Bavarians are known for their independence. The political expression of this is the Christian Social Union — the regional conservative party and feisty southern sibling to Chancellor Angela Merkel's Christian Democrats.
One of the unique features of Germany's political landscape is the existence of the Christian Social Union (CSU), a separate Bavarian conservative party that sometimes complements, sometimes rivals and sometimes just runs parallel to the main nationwide conservative party, the Christian Democratic Union (CDU). Often dismissed as a mere appendage of the CDU, the CSU is also an occasional thorn in the side of Chancellor Angela Merkel's party. The summer row over migration policy being the most recent and manifest example.
The CSU arose in 1945, immediately after the end of World War II, at a time when conservative parties and associations were coalescing all over Germany. But, whereas the other local conservative parties joined together in 1950 to form the CDU, or were swallowed up by it, the CSU chose to retain its independence.
That was in part because there had traditionally been at least one Bavarian regional interest party in German national politics. The CSU fit this mold, and, after dispatching a couple of rival local parties in the 1950s, it established itself as the dominant force in southeastern Germany. The CSU usually takes over 50 percent of votes in elections in Bavaria and currently governs with an absolute majority in the state parliament. Recent polls, however, have the party languishing below the 40 percent mark, with less than a month to go before the state election.
Because of Bavaria's size, CSU supporters regularly make up 7 to 10 percent of voters overall in Germany's federal elections — the party picked up just over 7 percent of the vote in last year's edition. That's impressive considering that the CSU doesn't even run candidates anywhere outside of Bavaria. And make no mistake about this party's pride in its state: If there's an opportunity to demonstrate Bavarian cultural peculiarities by wearing felt hats and lederhosen, rest assured that the CSU will take it.
Where they differ
As a rule, the CSU is more conservative than the CDU, especially on religion and law enforcement, while being to the left of the national party on social welfare issues. The difference is contained within the names of the two parties. The CSU takes the term "social" quite seriously, demanding for instance that the state do more to assist stay-at-home mothers.
The party's stance on non-Germans, however, is less generous. The CSU was the force behind the passenger car toll on the autobahn, a tit-for-tat policy with neighboring Austria that will have nationwide repercussions. And the party also favors quicker deportations for refugees who commit crimes and this summer opened controversial holding and processing centers for asylum-seekers.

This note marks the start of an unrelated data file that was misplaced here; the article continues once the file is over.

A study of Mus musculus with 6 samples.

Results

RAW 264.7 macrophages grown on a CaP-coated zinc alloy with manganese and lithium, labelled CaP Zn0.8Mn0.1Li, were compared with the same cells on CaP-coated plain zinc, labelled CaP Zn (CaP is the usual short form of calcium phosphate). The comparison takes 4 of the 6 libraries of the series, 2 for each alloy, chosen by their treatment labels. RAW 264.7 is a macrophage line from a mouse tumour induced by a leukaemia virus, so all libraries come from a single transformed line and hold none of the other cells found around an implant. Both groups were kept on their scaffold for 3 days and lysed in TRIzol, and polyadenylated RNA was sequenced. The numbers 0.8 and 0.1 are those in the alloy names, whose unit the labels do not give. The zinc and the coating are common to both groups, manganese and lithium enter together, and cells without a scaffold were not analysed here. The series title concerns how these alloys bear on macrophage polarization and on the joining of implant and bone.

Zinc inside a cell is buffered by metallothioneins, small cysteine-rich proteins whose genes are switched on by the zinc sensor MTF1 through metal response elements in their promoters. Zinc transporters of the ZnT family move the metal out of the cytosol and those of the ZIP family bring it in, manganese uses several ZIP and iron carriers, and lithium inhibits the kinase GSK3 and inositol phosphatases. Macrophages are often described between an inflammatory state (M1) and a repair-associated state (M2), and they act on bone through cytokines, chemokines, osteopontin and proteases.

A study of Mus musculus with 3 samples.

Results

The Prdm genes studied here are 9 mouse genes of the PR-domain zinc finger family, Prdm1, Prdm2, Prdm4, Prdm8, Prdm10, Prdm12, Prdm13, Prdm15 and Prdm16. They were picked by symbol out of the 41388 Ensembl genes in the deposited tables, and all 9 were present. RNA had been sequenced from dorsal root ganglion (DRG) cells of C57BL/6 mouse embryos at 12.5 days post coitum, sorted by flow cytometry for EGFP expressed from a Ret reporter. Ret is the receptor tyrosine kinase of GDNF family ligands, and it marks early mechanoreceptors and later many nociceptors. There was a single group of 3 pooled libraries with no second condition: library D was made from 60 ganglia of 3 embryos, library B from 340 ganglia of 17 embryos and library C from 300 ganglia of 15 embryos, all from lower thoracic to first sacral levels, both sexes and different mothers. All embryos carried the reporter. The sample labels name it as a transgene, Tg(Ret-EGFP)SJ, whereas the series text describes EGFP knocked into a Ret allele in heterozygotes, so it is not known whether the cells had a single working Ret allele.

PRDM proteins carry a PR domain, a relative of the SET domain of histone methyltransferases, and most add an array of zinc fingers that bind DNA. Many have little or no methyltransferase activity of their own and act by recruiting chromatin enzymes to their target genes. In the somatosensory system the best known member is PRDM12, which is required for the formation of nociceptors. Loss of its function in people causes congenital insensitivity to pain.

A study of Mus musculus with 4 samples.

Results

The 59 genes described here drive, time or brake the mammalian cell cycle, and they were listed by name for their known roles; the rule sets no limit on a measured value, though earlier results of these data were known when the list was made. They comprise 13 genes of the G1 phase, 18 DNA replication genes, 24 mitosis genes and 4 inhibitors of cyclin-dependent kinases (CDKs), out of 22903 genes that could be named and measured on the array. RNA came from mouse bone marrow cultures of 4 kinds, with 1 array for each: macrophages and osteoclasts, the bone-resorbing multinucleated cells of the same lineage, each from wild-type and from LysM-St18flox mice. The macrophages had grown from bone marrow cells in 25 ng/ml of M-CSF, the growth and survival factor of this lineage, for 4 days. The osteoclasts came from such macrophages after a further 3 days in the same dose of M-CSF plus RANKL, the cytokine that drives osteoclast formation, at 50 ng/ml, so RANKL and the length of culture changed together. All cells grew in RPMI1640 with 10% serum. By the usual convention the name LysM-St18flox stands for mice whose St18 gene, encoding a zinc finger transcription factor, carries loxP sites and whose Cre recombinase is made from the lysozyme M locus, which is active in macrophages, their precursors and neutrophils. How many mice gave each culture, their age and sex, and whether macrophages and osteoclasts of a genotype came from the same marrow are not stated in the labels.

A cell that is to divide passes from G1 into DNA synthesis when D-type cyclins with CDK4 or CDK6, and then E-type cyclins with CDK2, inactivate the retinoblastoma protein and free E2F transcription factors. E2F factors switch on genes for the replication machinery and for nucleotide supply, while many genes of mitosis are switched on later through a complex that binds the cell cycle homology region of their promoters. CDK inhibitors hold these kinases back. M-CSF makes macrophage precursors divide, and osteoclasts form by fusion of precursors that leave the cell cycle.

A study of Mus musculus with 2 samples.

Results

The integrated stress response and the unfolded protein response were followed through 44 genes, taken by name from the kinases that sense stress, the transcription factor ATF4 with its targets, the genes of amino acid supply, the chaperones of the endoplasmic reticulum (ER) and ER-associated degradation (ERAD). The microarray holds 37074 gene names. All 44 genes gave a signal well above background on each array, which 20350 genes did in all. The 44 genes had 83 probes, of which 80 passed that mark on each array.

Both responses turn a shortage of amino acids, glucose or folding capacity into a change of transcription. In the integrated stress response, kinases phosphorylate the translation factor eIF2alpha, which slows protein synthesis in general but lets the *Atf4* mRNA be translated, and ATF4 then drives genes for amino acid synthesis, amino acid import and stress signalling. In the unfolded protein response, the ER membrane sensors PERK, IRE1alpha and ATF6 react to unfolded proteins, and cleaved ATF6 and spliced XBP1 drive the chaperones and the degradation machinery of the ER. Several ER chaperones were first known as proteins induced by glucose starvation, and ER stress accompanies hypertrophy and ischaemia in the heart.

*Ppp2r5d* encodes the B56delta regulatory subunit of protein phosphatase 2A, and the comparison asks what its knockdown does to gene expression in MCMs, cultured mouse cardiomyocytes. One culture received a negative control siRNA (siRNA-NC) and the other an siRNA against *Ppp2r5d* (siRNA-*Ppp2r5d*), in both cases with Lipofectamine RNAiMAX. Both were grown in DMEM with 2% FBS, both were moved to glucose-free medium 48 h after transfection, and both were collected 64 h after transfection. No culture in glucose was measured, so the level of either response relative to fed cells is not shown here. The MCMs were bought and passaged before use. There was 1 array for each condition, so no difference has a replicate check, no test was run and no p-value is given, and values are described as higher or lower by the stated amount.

Indeed, CSU Chairman and current Interior Minister Horst Seehofer has publicly criticized Merkel for being too far to the left when it comes to the issue of migration. Ahead of the October 14 Bavarian election, Seehofer's attempt to distance his party from the chancellor's more moderate policies — in part to stave off the insurgent right-wing populist Alternative for Germany (AfD) — has fueled tension between the CSU and CDU.
Aspirations to lead
On two occasions, the parties have put forward a CSU candidate for chancellor in national elections. Franz Josef Strauss, a godfather-like figure in the party, ran in 1980, and Edmund Stoiber threw his hat in the ring in 2002.
Neither was successful. Strauss was an extreme conservative and came in second to incumbent Helmut Schmidt; Stoiber failed to appeal to voters in northern Germany and lost a narrow contest to incumbent Gerhard Schröder. The latter result likely spelled an end to any further CSU chancellor candidates for the foreseeable future. In the 2005 election, both parties opted to support the CDU's Merkel, and the rest, as they say, is history.
The party names are often hyphenated as CDU-CSU. This reflects the fact that they function as a single group in parliament.
Schröder, still chancellor at the time, tried to claim election victory in 2005 by arguing that ballots for the CDU and CSU should be counted separately. That would have meant that Schröder's Social Democrats (SPD) secured the most votes — and the mandate to form a new government.
Few people bought that line of reasoning. The majority of Germans most of the time see the CDU-CSU as a single political entity. Nonetheless, Seehofer's attempt to move his party to the right has seen him become more vocal in his demands for policy concessions in return for allying with the CDU.
Theoretically, it would be possible for the CSU to branch off on its own. In the first three decades of the Federal Republic, there were repeated calls for the CSU to campaign nationally and establish itself as a "fourth force" in German politics, after the CDU, the SPD and the Free Democrats. But that idea has been defunct for quite some time. The conservatives in the felt hats and lederhosen may be capable of getting up Angela Merkel's nose at times, but they remain very much subordinated to the chancellor and conservatives in the rest of Germany.